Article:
The new sex education programmes in Irish schools completely ignore long-term commitments and marriage. They promote the bare minimum, i.e. consent, rather than what is necessary for a goo relationship, i.e. commitment.
Sex education programmes are constantly updated at the different levels of the Irish education system. The Social, Personal and Health Education (SPHE) curriculum for junior cycle (age 12-15) has been recently changed and will start in September this year.
While contraception is explicitly mentioned in one of the learning outcomes it is extraordinary that a course about sexuality and relationships nowhere refers to pregnancy, birth, parenthood, or raising children, which are natural consequences of a sexual relationship.
The course specification also never mentions marriage and or long-term commitment. The emphasis is on the bare minimum, i.e. consent, rather than on what makes relationship lasting, i.e. commitment, long-term plans, mutual obligations, etc.
One of the eleven learning outcomes is about consent and says that students should “appreciate the importance of seeking, giving and receiving consent in sexual relationships, from the perspective of building caring relationships and from a legal perspective.”
While consent is a basic and necessary element of a sexual relationship, it is not sufficient.
The Senior Cycle sex education course is also currently being redeveloped. Consultation is ongoing and the new course will start in September 2024.
When assessing the review documentation generated by the NCCA up to this point in comparison to the curriculum framework that has been in effect since 2011, it becomes evident that the identical criticisms of the Junior Cycle review still hold true.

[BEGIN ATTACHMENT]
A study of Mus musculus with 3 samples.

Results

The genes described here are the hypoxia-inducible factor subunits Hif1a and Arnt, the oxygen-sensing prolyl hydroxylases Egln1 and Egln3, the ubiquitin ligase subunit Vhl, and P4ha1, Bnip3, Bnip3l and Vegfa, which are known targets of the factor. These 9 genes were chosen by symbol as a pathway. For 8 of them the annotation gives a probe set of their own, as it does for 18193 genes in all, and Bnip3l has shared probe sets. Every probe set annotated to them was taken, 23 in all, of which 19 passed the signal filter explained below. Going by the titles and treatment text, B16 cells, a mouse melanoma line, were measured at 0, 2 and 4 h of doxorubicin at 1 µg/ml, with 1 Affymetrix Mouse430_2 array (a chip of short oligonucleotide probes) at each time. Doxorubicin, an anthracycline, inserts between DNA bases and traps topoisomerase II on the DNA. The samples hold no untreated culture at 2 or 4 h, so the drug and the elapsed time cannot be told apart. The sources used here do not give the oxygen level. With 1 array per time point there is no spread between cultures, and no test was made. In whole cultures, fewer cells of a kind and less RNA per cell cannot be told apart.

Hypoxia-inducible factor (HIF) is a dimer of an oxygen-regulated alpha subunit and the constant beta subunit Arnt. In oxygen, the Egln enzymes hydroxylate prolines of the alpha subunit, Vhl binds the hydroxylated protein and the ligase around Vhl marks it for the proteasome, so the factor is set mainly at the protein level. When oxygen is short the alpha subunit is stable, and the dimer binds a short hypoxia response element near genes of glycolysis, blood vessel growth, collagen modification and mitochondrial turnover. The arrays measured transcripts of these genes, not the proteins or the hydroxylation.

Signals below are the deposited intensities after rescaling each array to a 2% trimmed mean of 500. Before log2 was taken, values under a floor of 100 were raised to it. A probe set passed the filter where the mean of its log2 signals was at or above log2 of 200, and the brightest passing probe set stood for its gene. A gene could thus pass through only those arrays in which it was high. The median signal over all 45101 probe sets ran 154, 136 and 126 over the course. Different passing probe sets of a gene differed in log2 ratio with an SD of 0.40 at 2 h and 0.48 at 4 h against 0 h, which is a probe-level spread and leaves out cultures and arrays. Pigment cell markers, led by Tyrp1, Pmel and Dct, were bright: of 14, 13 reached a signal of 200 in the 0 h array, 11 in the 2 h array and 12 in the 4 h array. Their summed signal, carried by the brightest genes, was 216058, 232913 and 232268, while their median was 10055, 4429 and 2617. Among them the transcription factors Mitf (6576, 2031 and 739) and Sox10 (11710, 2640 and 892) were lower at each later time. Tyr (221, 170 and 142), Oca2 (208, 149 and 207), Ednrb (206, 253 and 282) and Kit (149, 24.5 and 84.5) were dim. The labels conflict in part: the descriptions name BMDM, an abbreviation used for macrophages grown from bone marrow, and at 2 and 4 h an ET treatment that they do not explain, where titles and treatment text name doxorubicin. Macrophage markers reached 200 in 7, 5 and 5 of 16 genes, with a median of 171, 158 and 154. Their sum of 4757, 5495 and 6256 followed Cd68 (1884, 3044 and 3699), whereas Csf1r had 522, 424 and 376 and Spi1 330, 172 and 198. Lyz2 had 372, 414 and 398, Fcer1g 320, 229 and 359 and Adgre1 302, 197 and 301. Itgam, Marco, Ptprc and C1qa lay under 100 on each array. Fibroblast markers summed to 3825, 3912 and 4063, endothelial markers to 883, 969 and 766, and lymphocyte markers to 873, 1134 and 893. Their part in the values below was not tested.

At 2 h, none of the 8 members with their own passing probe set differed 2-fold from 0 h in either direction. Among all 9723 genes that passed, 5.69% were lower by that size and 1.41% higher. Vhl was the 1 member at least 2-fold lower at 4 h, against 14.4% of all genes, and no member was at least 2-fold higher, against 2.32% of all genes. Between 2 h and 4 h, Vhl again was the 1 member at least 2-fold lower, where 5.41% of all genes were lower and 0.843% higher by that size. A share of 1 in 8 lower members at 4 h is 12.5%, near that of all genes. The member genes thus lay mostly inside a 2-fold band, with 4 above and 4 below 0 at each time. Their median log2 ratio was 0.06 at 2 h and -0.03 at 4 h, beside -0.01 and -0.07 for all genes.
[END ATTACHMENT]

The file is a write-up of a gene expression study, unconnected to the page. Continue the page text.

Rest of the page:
For instance, the 2011 framework has a section about parenting and one of its aims is to “discuss the role of commitment and relationship skills in marriage and other committed relationships, that help to support lasting relationships and family life”. (p. 28)
There is no mention of marriage or other committed relationships in the new draft specification. It has been deliberately removed.
Lasting relationships, family life, marriage, or commitment are all absent from the consultation report as well.
The background paper presents an analysis of international practice, focusing on New Zealand, Ontario and Canada. In the overview of key concepts and topics it mentions “long-term commitment and parenting” and one of the key ideas proposed to be discussed is “marriage and long-term commitments can be rewarding and challenging”. (p. 23)
This proposal, coming from a comparison with international practice, has found no place in the new draft specification by the Department of Education. As consultations are still ongoing, it is possible that a future draft will be amended to include marriage and long-term commitment but their removal from the current curriculum, should be noted.
This minimal-value approach which inspires the SPHE courses fails to promote proper relationship education. A good relationship is more than “healthy”, particularly when we consider the unhealthy psychological but also physical consequences of consensual promiscuity, casual sex, etc.
Consent education is not enough without commitment education.